Square's initial market cap would be just above $4 billion, but well below what private market investors were willing to pay.
Payments company Square this morning filed paperwork with the Securities and Exchange Commission that suggests that company plans to sell 27 million shares in its upcoming IPO at between $11 and $13 per share. At the high end of that range, Square would be valued at approximately $4.19 billion — which is much lower than the company’s most recent valuation in the private market.
The San Francisco-based company would have a dual-class stock structure, and the float would represent just over 8% of its total outstanding shares. On a fully-diluted bases — meaning that all restricted stock units and other such instruments are exercised and converted — the company would have a valuation of around $6.2 billion at the high end of its proposed IPO range.
Square, founded and led by Twitter TWTR CEO Jack Dorsey, filed its public documents for an IPO in October, after filing confidentially earlier this summer. It will list on the New York Stock Exchange under ticker symbol “SQ,” with Goldman Sachs GS serving as lead underwriter.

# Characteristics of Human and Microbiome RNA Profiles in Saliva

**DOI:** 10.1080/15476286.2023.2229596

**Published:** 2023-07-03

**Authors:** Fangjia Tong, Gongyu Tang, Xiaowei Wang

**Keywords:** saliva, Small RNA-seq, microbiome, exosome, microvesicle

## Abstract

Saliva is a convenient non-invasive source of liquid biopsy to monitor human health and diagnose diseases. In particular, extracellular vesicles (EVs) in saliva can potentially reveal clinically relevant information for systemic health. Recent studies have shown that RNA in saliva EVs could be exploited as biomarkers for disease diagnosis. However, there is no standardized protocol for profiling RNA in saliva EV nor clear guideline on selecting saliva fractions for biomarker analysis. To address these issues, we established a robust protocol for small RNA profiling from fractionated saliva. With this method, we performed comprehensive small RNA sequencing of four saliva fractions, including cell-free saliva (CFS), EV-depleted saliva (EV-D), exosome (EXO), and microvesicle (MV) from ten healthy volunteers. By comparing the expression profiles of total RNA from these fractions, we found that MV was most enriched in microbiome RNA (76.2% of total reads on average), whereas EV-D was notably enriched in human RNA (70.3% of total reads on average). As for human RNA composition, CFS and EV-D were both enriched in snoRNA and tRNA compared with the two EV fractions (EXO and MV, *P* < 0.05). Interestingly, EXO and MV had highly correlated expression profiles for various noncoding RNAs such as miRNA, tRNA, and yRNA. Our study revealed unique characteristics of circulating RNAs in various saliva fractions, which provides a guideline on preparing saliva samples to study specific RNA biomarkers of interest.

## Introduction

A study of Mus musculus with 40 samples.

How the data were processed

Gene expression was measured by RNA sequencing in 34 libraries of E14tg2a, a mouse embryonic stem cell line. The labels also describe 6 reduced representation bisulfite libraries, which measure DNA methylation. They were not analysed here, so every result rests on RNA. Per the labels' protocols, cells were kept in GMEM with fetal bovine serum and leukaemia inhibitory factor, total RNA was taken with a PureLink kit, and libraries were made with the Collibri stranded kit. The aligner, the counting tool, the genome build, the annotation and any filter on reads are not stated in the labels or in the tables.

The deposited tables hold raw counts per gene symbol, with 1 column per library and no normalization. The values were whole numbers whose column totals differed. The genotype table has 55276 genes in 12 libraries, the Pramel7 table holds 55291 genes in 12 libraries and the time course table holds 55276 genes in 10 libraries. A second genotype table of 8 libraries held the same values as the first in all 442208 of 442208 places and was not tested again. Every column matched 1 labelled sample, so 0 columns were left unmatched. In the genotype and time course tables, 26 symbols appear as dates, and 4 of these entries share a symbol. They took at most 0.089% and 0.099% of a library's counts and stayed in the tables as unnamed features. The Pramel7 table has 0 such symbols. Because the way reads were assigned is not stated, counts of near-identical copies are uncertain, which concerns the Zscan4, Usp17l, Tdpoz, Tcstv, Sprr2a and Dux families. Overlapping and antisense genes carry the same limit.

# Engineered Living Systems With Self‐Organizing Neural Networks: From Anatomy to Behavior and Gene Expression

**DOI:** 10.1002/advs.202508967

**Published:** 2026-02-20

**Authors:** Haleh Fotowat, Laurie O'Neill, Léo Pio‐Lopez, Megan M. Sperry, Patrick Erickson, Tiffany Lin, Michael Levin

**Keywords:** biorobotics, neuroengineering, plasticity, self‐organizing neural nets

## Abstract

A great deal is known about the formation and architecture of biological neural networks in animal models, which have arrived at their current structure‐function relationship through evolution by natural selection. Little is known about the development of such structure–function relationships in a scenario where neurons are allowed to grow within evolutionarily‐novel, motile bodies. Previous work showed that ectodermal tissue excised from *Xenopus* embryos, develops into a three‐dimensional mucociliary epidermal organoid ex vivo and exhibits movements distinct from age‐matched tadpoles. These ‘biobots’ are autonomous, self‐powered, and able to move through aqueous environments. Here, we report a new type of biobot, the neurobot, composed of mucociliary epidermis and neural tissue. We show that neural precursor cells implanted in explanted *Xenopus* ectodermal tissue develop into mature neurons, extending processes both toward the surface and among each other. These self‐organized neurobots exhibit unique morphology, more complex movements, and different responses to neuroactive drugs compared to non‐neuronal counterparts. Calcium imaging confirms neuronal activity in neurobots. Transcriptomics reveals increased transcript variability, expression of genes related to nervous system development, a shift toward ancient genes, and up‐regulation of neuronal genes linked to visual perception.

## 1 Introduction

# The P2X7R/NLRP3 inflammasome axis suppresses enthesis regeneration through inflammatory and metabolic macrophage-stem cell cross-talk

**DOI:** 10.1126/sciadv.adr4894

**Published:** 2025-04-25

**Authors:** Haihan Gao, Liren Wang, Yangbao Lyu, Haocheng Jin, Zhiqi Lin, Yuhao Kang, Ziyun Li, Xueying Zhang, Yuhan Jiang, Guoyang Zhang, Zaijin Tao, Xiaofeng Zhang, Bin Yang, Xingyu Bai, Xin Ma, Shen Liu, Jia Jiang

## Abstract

In its original S-1 filing, Square reported a $77.6 million net loss on around $560.5 million of what it calls “net revenue” for the first six months of 2015, compared to a $79 million net loss on around $372 million in revenue for the same period in 2014. But in a more recent filing disclosing third quarter financials, Square posted a net loss of $53.9 million on $332.2 million in revenue, representing slower revenue growth and faster loss growth than in the year-earlier period.
With this filing, we can assume that the roadshow will start on Monday morning, with the public listing to take place the week prior to Thanksgiving.
Square most recently raised $180 million in private funding at $15.46 per share, in a multi-stage Series E round that spanned from September 2014 through just last month. Holders of Series E stock will receive extra shares if the IPO prices below where they purchased, via an anti-dilution provision known as a ratchet (additional shares would represent 1.6% of total outstanding shares, were Square to price in the middle of its proposed range).
It’s also worth noting that the lower end of Square’s anticipated IPO range also is below the $11.01 per share price of its Series D round, which was raised all the way back in September 2012. None of Square’s private investors are expected to sell stock in the IPO.
The company also agreed back in August to facilitate the sale to a third party of around 2.27 million Series D shares currently held by Starbucks SBUX at a minimum of $16.30 per share by the end of next October, as part of its termination of a money-losing partnership with the coffee shop giant. However, if Square completes its IPO, that obligation would be erased at the conclusion of its lock-up period.